Loctite is a well-known and widely popular brand in the world of adhesives and is known for making superior-quality adhesives. Loctite manufactures various types of glue, like threadlockers, sealants, instant adhesives, and more.
Loctite 248 and 242 are both medium strength threadlocker made by Locitite-Henkel and have many similarities and differences. So, in the battle between Loctite 248 vs. 242, which one should you side with and why? I’ll examine Loctite 242 and 248 in this article and review their features, specifications, and differences.
Loctite 248 is a medium-strength threadlocker made by Loctite-Henkel that comes in Blue. The color of the Loctite threadlocker indicates the product’s strength and is a significant feature you should keep an eye on when purchasing Loctite threadlockers.
Loctite 248, being blue, means it has medium strength, and you can use it for parts and components you plan to disassemble in the future. Loctite 248 works on all metals and active substrates like brass or copper. Furthermore, the 248 works with passive substrates like – stainless steel or plated surfaces.
Loctite 248 forms a robust bond when completely cured, and you can use it for parts and components that go through constant motion or vibration. You can use the 248 for bolts and studs of your pumps or gearboxes without loosening because of vibration.
Furthermore, Loctite 248 is tolerant to contamination from industrial oils like – motor fluids, corrosion prevention fluids, or cutting fluids. Unlike many other Loctite threadlocker alternatives, Loctite 248 comes in a stick applicator.
The 248 comes in a semi-solid form similar to wax and can be especially suitable for components where a liquid product has the risk of being too fluid to stay in place.
Read More: Loctite 242 vs. 243
Read More: Loctite 248 Vs. 243
Loctite 242 is a threadlocker for metal fasteners, bolts, studs, and nuts, which comes in Blue. Loctite 242, being blue-colored, means it’s a medium-strength threadlocker from Loctite-Henkel, and you can use it for components and parts you plan to disassemble in the future.
Loctite 242 works well with all metals and active substrates like brass or copper. Furthermore, you can also use the 242 with passive substrates like stainless steel or plated surfaces.
Loctite 242 forms a robust bond when it’s completely cured and prevents the loosening of parts due to vibration. You can use the 242 for parts and components that go through constant vibration so that you can use it for your gearboxes or pumps. Loctite 242 has medium viscosity and thixotropic, which prevents fluid migration after applying the 242.
Loctite 242 is tolerant to minor contamination from industrial fluids like – cutting, lubrication, anti-corrosion, and protection fluids. Loctite 242 has a fast fixture time for most metals; for example – 242 has a fixture time of 5 minutes and 15 minutes for steel and brass, respectively.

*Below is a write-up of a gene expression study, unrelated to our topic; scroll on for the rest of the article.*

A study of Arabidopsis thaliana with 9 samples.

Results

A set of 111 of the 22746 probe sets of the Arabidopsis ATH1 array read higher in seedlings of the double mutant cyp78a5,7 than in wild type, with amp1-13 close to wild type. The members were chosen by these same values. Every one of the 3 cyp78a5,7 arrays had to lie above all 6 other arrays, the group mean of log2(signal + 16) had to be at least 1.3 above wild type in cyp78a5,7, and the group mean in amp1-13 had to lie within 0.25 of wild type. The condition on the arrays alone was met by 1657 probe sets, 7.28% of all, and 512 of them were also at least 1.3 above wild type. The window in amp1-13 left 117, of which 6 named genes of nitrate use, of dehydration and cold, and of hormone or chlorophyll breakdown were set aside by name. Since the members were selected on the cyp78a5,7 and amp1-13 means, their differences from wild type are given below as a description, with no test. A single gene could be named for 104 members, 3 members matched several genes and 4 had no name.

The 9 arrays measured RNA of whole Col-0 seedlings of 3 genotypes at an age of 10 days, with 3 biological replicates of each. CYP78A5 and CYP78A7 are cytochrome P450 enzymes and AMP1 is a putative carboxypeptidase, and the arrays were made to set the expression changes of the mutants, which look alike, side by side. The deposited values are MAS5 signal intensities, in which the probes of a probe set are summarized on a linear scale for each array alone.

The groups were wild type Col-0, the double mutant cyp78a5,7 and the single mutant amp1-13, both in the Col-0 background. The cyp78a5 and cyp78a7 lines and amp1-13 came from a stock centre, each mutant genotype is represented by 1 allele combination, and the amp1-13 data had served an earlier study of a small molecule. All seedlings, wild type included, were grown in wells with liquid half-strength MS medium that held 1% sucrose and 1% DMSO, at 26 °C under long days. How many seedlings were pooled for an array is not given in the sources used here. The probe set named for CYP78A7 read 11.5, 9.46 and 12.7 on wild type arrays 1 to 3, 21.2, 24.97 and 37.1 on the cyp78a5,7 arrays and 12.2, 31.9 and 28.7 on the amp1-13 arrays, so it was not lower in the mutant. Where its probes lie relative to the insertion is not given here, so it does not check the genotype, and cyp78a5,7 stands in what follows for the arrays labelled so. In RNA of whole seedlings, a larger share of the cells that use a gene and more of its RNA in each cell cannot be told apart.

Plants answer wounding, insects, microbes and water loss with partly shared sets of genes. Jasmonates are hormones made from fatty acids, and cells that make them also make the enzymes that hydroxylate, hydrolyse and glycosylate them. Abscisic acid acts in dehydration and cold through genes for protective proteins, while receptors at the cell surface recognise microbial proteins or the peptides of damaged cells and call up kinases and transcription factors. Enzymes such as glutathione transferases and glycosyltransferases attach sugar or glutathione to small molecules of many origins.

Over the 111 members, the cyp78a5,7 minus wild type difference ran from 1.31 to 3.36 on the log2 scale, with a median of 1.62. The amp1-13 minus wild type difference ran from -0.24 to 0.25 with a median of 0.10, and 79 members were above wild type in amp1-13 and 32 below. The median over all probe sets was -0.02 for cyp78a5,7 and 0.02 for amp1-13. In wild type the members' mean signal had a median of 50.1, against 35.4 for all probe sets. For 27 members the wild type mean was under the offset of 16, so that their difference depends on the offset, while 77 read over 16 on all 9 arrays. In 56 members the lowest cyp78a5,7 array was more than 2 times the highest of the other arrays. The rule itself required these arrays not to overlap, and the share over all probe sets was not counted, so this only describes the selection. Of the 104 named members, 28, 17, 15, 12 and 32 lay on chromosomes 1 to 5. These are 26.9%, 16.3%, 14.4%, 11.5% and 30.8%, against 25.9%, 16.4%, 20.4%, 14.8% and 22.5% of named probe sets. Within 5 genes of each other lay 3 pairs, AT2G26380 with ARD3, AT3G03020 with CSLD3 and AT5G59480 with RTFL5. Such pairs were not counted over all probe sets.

Loctite 242 is available in a tube of 0.5 ml and bottles of – 10 ml, 50 ml, 250 ml, and 1 liter.
Now let’s examine the differences between Loctite 248 and 242.
Loctite 248 comes in a stick form and has a semi-solid appearance, like wax. Since it comes in a stick applicator, you can use it for components where a liquid threadlocker has the risk of being too fluid to apply, or you might have difficulty applying.
On the other hand, Loctite 242 is a liquid threadlocker that comes in Blue. The 242 is a medium-viscosity, thixotropic adhesive which prevents fluid migration after application. You can get the 242 in various sizes of tubes and bottles.
Ideal Sizes of Fasteners
You can use Loctite 248 for various sizes of nuts and bolts. The 248 is suitable for 3/8 * 16 and M10 bolts and nuts.
You can also use the 242 for various sizes of nuts and bolts, and the 242 is suitable for fasteners from 6 mm to 19 mm. You can use the 242 for 3/8 * 16 and M10 bolts and nuts.
Fixture and Cure Time
Loctite 248 has a fixture time of 5 minutes, and a complete cure takes around 24 hours.
On the other hand, the 242 has a fixture time ranging from 5 to 20 minutes, with a complete cure taking up to 24 hours.
Loctite 248 is a medium-strength, high-temperature resistant threadlocker adhesive used for locking and sealing threaded fasteners. This prevents loosening due to vibration and thermal expansion and is particularly suited for use on stainless steel and plated surfaces.
How strong is Loctite 248?
Loctite 248 is a medium-strength threadlocker. It provides a secure and permanent bond for threaded fasteners, and is designed to withstand moderate levels of vibration and thermal expansion. The strength of the bond can be adjusted by the size of the gap between the threaded parts and the amount of material applied.
How long does Loctite 248 take to set?
The setting time of Loctite 248 depends on various factors such as temperature, humidity, and the size of the gap between the threaded parts. It usually takes 24 hours to reach full strength at room temperature (25°C). However, under normal conditions, it provides a strong enough bond for most applications within 10 minutes to an hour after application. It’s always recommended to consult the manufacturer’s technical data sheet for specific information and recommended cure time for your specific application.
So, in the debate of Loctite 248 vs. 242, which one should you side with and why? Both adhesives are blue-colored, medium-strength threadlocker suitable for similar purposes, have a matching fixture and cure time, and are ideal for similar sizes of nuts.
You can go for the 248 if you’re looking for a non-liquid threadlocker since it’s available as a stick with wax-like consistency. You can go for the 242 if you work with a liquid, medium-strength threadlocker.